Two days ago I mentioned the unflappable, multi-tasking and multi-dimensional competence with which an air-traffic controller at Denver’s Centennial airport handled a sudden shift in winds, and the resulting complete re-organization in flow of airplanes headed toward his runways. Deb Fallows did her “view from the right seat” complementary report on the episode.
A long-time controller, who runs a site about ATC, writes about what he heard in the audio archive of that interaction (emphasis added):
As a 30 year ATC veteran, I appreciated the clip you posted going into APA [the code for Centennial airport]. You’re right, the local guy did a very good job. I’ve sat in that metaphorical seat often, myself, although I’ve always been a center guy.
As a controller, I can tell you that crisp transmissions, grasp of the situation, and execution of clearances are very helpful when there are plenty of “say agains” going on. And trust me, your “nice job” was not missed nor wasted in the melee—just not time available to acknowledge. [At time 23:15 of this ATC recording, I give a rushed and spontaneous “Good job!” to the controller after I’ve landed, in appreciation of what I’d heard him do.]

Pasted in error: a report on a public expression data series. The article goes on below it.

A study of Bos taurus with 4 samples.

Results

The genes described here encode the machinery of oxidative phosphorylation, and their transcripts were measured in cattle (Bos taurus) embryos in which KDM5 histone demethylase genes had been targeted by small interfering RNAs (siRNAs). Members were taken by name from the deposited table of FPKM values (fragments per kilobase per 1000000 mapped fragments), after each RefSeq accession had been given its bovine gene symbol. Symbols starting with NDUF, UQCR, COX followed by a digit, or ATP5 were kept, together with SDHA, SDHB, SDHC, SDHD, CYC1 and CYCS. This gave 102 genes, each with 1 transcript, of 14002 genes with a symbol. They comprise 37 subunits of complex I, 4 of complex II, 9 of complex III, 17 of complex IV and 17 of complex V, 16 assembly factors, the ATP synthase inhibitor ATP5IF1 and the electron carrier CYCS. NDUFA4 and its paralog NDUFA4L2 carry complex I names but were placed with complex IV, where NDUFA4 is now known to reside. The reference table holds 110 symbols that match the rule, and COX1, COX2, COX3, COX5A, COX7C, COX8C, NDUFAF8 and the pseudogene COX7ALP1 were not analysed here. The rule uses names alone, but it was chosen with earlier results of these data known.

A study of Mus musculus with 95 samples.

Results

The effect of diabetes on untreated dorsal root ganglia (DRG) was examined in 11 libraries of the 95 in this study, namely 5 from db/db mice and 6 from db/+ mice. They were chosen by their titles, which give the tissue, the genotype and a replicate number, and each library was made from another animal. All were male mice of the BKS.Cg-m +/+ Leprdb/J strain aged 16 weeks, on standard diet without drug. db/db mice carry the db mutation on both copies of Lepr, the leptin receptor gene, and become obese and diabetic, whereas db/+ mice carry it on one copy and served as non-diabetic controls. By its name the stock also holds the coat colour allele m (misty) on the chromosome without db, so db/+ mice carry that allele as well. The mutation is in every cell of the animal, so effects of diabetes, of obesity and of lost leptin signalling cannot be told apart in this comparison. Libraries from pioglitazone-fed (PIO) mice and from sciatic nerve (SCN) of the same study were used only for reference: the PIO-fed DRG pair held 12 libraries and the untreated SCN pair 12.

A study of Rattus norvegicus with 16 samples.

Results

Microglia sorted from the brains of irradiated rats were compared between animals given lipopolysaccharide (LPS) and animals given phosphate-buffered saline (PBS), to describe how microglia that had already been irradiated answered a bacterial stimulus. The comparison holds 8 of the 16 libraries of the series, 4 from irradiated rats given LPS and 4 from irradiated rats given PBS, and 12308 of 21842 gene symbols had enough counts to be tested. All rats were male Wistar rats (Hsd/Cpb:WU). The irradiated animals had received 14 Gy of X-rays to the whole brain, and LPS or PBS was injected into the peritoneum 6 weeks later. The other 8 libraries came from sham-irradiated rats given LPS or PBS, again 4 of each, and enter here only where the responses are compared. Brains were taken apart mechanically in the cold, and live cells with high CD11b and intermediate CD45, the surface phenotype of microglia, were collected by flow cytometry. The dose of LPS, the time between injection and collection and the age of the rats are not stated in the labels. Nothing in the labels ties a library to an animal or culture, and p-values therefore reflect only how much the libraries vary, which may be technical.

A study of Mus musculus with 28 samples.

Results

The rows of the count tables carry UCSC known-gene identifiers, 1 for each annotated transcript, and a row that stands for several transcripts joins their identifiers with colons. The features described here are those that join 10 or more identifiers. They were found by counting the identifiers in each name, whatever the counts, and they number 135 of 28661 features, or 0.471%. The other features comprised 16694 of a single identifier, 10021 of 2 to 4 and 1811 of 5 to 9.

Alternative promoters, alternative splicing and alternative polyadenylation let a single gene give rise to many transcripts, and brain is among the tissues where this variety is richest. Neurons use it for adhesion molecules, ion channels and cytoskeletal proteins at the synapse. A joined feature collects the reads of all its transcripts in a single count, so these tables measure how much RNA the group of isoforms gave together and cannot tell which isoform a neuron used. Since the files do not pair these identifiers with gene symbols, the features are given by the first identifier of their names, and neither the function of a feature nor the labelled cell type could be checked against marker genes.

Also, as a veteran of many tape talks (both given and received) I can tell you that he was about four times as busy as the tape indicates. All that talking is the result of a lot of scanning, a lot of planning, a lot of thinking, and a lot of recall.
I’d like to direct your attention to an audio recording of me at my ATC website. You may enjoy it, if you’re not sick of listening to ATC recordings already. I was working an arrival rush to ORD [O’Hare], not as dramatic as the APA guy, but it was a decent workout.